A third of Pakistan is underwater, the country’s climate minister has said as history-making floods saw nearly a half million people crowd into camps after losing their homes.
“It’s all one big ocean, there’s no dry land to pump the water out,” Sherry Rehman told AFP, calling the devastation wreaked by the flash floods a “crisis of unimaginable proportions”.
She also told the Associated Press that Pakistan was on the “front line” of the world’s climate crisis as unprecedented monsoon rains have killed more than 1,130 people since mid-June.
Though the downpours stopped more than two days ago and flood waters in some areas were receding, Pakistanis in many parts of the country were still wading through waters that filled their homes and covered streets.
According to officials, monsoons hit earlier and more heavily than usual since the start of summer. And last week’s bout is by no means the last of the heavy rains, with Ms Rehman and meteorologists warning that new monsoons were expected in September.
Pakistan is accustomed to monsoon rain and flooding, Rehman said, but not like this. “What we saw recently in the last eight weeks is unrelenting cascades of torrential rain that no monsoon has ever brought with it ever before,” she said.
The heavy rains are the latest in a series of catastrophes that Rehman said were exacerbated by climate change, including heatwaves, forest fires and glacial lake outbursts.
Since 1959, Pakistan was responsible for only 0.4 per cent of the world’s historical CO2 emissions, while the US was responsible for 21.5 per cent, China for 16.5 per cent and the EU 15 per cent.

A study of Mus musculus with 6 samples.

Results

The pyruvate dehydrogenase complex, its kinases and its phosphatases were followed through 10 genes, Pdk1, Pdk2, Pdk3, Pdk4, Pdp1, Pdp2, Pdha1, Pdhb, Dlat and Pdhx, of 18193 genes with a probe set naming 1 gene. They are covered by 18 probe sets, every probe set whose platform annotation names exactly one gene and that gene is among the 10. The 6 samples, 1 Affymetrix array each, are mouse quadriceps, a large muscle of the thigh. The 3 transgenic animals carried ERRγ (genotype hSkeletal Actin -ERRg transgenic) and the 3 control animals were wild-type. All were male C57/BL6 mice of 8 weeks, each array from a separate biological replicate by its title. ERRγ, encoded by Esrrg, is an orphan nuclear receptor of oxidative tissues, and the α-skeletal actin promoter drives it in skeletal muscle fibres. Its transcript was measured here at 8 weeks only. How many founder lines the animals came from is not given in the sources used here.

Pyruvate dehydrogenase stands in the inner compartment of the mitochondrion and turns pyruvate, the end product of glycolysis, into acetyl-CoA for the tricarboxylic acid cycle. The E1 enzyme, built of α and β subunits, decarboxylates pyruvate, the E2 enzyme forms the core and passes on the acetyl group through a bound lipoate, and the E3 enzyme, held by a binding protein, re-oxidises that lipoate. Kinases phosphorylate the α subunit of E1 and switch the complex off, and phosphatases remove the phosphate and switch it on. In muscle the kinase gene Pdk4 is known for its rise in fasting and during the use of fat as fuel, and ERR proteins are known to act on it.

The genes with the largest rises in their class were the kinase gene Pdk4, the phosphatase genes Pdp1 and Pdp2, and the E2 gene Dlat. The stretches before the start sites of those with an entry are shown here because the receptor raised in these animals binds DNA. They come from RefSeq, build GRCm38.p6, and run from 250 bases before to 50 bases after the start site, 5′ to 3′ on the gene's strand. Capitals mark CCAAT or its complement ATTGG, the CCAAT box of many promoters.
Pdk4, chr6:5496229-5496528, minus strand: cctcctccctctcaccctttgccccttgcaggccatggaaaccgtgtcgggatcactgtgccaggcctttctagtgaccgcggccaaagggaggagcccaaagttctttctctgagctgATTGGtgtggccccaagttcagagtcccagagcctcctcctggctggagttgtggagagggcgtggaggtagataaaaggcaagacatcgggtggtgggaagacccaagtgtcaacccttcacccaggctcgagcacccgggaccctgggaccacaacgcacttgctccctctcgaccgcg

“Climate knows no borders and its effects can be disproportionately felt,” Rehman said. “When you see low pressure systems coming from the Bay of Bengal, they hit us before anyone is. So we’re on the front line of a global crisis.”
This summer’s devastating floods have so far killed more than 1,136 people, injured 1,636, damaged 1 million homes and forced at least 498,000 people in the country of 220 million to flee to relief camps, Pakistan’s National Disaster Management Authority said.
Other displaced people are thought to be living with relatives, friends or on the streets.
Rescue operations have been marred by the destruction of more than 150 bridges and the numerous roads which have been washed away.
One 24-year-old labourer from the southeastern town of Shikar Pur dug up bricks from the collapsed walls of his home after it was nearly completely destroyed by the raging storms and waters.
Speaking outside of his home, Rehan Ali said he cannot rebuild without government help and can’t work now because of the turmoil.
“I don’t even have anything to feed my family. I lost everything. I don’t know where to go. God help me,” he told the AP.
On Monday, prime minister Shabaz Sharif said the rains had been the heaviest Pakistan has seen in 30 years.
“I saw floodwater everywhere, wherever I went in recent days and even today,” Sharif said in the town of Charsadda in the northeast of the country.
Pakistani authorities say this year’s devastation is worse than in 2010 when floods killed 1,700 people.